On November 2, TransCanada Corporation (TSX:TRP)(NYSE:TRP) shares plunged nearly 5% in a single day–an unusually large move for a fairly stable stock. The sell-off was likely due to a combination of weakness in the TSX as well as in the price of oil (which fell about 2.25%) combined with concerns over TransCanada’s recent quarterly earnings.
Why the recent earnings report may have spooked investors
TransCanada reported a net loss of $135 million, or $0.17 per share, for Q3 2016. Analysts were expecting $0.62 per share, which may explain some of the weakness in TransCanada’s share price. Digging deeper, however, the loss was primarily due to the fact that TransCanada is selling its U.S. Northeast Power Business for $3.7 billion, on which it took a $1.1 billion loss.
This loss is partially reflected in the company’s earnings for the quarter, and this explains the underperformance. Excluding the loss on the asset sale and other one-time expenses, TransCanada earned $0.78 per share–well above both the consensus of $0.62 per share and Q3 2015’s earnings of the same value.
TransCanada plans to use the proceeds of the asset sale to pay off a portion of a US$6.9 billion loan it took out when it purchased Columbia Pipeline Group for US$13 billion earlier in the year (the balance was paid via issuing shares).
This leads to the second factor that may have contributed to the drop in TransCanada’s shares. While the asset sale should repay US$3.7 billion of the US$6.9 billion loan, TransCanada has decided to tap equity markets to repay the balance. This means the company is issuing $3.2 billion in common shares.
Issuing new shares can be unpopular due to the fact it increases the share count and dilutes current shareholders, and TransCanada was originally going to pay off the balance of its loan for Columbia via additional asset sales (more specifically, selling perhaps half of its Mexican pipeline business). This decision was also unexpected by many investors.
TransCanada instead decided to maintain full ownership in its Mexican pipeline business, which consists of six pipelines and should allow TransCanada to profit fully from growth in its portfolio. Mexico is a fast-growing natural gas market and is significantly underpiped. Mexico currently has about 10% of the pipeline system that Texas has, despite having four times more people, and its natural gas pipeline system is expected to grow by 90% over the next three years.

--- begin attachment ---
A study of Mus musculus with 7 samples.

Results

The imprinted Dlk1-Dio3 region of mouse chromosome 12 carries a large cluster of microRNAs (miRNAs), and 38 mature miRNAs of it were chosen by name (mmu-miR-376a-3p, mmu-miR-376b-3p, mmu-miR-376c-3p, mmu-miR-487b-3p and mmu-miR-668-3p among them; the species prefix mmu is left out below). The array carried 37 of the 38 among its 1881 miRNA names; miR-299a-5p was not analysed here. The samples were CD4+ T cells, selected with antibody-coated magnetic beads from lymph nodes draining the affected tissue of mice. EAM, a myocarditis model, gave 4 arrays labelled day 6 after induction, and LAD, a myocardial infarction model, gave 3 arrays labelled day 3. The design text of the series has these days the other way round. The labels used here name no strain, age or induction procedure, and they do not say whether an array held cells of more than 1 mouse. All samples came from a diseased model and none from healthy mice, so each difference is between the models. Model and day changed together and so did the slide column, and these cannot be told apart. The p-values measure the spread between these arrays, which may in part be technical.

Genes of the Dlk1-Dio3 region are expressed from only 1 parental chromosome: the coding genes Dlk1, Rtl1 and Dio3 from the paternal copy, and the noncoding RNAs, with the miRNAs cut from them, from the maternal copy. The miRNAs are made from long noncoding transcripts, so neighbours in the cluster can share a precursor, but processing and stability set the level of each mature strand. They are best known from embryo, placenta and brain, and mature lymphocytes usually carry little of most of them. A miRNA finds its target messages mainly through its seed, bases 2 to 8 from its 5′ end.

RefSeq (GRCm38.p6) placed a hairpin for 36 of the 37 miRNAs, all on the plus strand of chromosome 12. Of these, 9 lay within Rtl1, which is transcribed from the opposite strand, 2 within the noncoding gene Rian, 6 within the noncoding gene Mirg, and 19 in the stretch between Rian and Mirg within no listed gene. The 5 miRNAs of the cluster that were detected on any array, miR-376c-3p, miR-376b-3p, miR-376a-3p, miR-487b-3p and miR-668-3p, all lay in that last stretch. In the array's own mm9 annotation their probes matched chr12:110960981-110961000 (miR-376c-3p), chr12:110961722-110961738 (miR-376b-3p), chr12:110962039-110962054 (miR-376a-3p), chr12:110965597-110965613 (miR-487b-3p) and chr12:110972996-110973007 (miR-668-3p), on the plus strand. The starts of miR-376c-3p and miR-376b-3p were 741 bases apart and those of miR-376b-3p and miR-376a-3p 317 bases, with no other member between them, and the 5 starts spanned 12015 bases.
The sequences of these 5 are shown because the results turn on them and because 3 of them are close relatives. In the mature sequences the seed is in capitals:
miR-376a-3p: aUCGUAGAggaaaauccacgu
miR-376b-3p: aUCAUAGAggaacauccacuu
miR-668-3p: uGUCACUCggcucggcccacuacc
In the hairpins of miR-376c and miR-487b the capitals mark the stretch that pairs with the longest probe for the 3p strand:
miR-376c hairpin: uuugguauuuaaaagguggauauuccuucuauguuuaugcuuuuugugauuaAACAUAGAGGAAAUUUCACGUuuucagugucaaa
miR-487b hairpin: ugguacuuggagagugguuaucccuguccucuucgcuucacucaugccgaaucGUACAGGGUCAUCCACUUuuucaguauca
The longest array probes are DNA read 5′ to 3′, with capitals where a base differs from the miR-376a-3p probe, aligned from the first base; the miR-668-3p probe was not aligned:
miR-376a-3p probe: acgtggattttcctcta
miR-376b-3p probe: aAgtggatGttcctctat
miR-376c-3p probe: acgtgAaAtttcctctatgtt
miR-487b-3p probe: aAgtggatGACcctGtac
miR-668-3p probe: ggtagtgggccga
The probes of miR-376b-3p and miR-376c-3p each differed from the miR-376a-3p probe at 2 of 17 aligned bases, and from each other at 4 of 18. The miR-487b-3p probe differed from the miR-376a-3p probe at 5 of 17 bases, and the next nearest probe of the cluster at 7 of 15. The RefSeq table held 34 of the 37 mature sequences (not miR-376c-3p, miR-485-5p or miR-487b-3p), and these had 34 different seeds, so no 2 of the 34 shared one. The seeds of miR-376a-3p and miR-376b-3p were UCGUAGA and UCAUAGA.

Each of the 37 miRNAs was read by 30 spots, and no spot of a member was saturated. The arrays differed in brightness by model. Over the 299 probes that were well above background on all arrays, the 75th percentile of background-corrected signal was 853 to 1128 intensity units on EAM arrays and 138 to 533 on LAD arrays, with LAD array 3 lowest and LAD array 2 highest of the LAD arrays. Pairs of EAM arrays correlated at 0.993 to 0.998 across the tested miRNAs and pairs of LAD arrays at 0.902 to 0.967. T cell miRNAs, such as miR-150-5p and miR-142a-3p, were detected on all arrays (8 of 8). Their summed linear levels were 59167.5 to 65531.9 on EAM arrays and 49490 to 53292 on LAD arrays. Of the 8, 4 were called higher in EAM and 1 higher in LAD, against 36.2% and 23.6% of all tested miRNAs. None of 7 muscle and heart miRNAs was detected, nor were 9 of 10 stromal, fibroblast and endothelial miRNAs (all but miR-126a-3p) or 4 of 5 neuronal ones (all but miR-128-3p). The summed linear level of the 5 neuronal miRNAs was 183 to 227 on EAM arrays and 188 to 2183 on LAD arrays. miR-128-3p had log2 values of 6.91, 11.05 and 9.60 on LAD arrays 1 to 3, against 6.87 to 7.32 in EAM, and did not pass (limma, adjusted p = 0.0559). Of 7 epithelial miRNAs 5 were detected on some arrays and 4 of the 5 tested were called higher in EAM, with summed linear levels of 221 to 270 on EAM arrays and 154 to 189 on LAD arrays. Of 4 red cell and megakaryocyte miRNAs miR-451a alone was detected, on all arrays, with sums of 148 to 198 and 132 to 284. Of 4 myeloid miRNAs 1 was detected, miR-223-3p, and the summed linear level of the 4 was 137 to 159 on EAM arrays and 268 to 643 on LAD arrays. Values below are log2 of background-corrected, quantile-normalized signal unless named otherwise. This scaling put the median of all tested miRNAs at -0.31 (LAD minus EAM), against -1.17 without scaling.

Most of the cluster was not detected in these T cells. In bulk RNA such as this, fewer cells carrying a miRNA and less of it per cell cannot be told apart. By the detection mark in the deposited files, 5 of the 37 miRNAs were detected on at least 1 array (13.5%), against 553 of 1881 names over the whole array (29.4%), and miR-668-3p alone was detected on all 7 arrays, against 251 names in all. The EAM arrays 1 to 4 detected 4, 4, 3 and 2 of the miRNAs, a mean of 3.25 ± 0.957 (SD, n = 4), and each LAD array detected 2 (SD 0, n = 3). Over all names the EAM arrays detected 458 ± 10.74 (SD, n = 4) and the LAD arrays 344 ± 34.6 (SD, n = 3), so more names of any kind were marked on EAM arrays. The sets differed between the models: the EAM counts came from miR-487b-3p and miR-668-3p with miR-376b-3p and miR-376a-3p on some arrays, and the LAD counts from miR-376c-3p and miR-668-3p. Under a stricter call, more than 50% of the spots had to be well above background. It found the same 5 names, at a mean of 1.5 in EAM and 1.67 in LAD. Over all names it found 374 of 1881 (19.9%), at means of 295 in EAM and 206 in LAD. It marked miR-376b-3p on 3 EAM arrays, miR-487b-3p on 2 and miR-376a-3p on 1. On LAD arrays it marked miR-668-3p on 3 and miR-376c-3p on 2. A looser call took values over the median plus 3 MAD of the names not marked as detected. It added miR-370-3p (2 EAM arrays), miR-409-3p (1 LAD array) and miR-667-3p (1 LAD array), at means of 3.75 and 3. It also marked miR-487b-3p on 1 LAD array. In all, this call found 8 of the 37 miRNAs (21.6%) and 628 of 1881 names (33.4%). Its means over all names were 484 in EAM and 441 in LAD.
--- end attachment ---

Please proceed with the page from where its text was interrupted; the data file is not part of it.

TransCanada has a strong footprint in the region, and this incumbency gives it the ability to better capture future growth, while participating fully from the US$3.8 billion it is currently investing in the region, which should result in TransCanada’s Mexican earnings growing to US$575 million by 2018–a 217% increase from 2015 levels.
TransCanada shares are worth more than they are today
TransCanada has an impressive US$26 billion of growth projects till 2020. These will in turn support 8-10% annual dividend growth and free cash flow growth per share of 10% annually throughout this period (as a conservative estimate) on average
Assuming TransCanada earns $3.8 billion in free cash flow this year and conservatively grows it to $4.1 billion in 2018 (in line with estimates by Bank of Nova Scotia), TransCanada would have an impressive 2017 free cash flow yield of 8.3%. This is actually higher than Enbridge, which has an expected free cash flow yield of 7.1% in 2017. In fact, it is one of the highest free cash flow yields in its entire peer group of North American mid-stream names.
A high free cash flow yield basically means that TransCanada’s free cash flow per share is a higher percentage of the share price than its peers because its shares are cheaper. This may be because TransCanada has a lower payout ratio than its peers, or because TransCanada has yet to outline more growth opportunities.
Investors should expect both of these factors to improve going forward, and if TransCanada were to trade at the same free cash flow yield as Enbridge, it would have a share price of about $67.